We all remember the panic that ensued when the old fashioned light bulbs were ‘phased out’ and the newer ‘environmentally friendly’ bulbs were introduced. The traditional bulbs flew off shop shelves, and people spoke of the evils of their replacements. While some complaints were true (the new bulbs were more expensive and didn’t last as long) over time, people gradually converted. Now, ‘incandescent light bulb’ is almost an antiquated term, and people speak of them in hushed tones. Usually in the dark.

LED lights are a better choice

So what exactly is an incandescent light bulb? Are incandescent lights being phased out? Can we ever properly adapt to a new life without them?

Incandescent lighting is a term used for the bulbs we’re all used to seeing, with the pear shape and curly wire. Electricity is passed through the wire, and by a process of pure magic, we get light.

Well, not exactly. It’s a bit more complicated, so here it is in simpler terms:

  • Electricity is passed through the tungsten wire
  • (Tungsten has a very high melting point, so it glows before it melts)
  • Electricity excites the electrons in the atoms of the tungsten
  • Electrons jump up to a higher energy level
  • As they fall back down to their usual energy level they give off a little bit of energy
  • This energy is a photo – a light particle.

Incandescent lighting is cheap and contain very little toxic chemicals. Unfortunately, about 90% of the electricity it uses is wasted – only 10% goes to actually producing the light. For this reason, some incandescent light bulbs are being phased out.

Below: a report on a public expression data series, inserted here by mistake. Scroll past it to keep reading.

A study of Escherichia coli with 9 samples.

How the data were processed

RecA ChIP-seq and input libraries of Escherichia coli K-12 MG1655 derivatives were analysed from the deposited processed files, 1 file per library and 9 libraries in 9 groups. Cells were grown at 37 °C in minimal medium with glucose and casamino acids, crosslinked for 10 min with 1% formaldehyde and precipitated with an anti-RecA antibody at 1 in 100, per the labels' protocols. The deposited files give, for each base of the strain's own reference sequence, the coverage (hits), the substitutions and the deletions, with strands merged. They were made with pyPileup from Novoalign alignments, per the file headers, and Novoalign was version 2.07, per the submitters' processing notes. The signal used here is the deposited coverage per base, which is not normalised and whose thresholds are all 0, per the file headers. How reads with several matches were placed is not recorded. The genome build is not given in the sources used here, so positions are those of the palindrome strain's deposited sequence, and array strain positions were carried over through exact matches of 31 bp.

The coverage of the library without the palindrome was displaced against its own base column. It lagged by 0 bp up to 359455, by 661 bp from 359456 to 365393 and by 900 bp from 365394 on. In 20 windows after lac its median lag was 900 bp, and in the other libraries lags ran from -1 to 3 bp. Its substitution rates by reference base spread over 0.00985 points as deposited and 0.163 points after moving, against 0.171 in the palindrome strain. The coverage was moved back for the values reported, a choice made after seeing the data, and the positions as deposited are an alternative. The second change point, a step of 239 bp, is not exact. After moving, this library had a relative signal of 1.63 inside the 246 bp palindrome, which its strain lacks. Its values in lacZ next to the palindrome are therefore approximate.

The phasing out of incandescent lighting started in about 2009, and if you take the government’s statistics as gospel, the process is saving about 2.6 terawatt-hours if electricity each year. Each house is reported to be saving about $75 a year. Which bulbs are going? Anything that has an energy efficiency of less than 15 lumens per watt (a measure of light output per energy input).

Sales and importation of the pear-shaped bulbs began in 2009, along with extra-low-voltage halogen non-reflector lamps and self-ballasted compact fluorescent lamps. In 2010, sales restrictions extended to candle, fancy round and decorative bulbs of more than 40W and extra-low voltage halogen reflector lamps. 2011 saw mains voltage halogen non-reflector lamps’ sales restricted and further sales restrictions were imposed on candle, fancy round and decorative lamps greater than 25W. Further sales restrictions are coming in October next year.

Recommended alternatives are LED lighting, and compact fluorescent lamps (with the ballast – the unit preventing too much electricity from flowing to the bulb – in the light socket and not the bulb).

So there you have it – yes, incandescent light bulbs are being phased out, but the newer  LED lights are a better choice all round.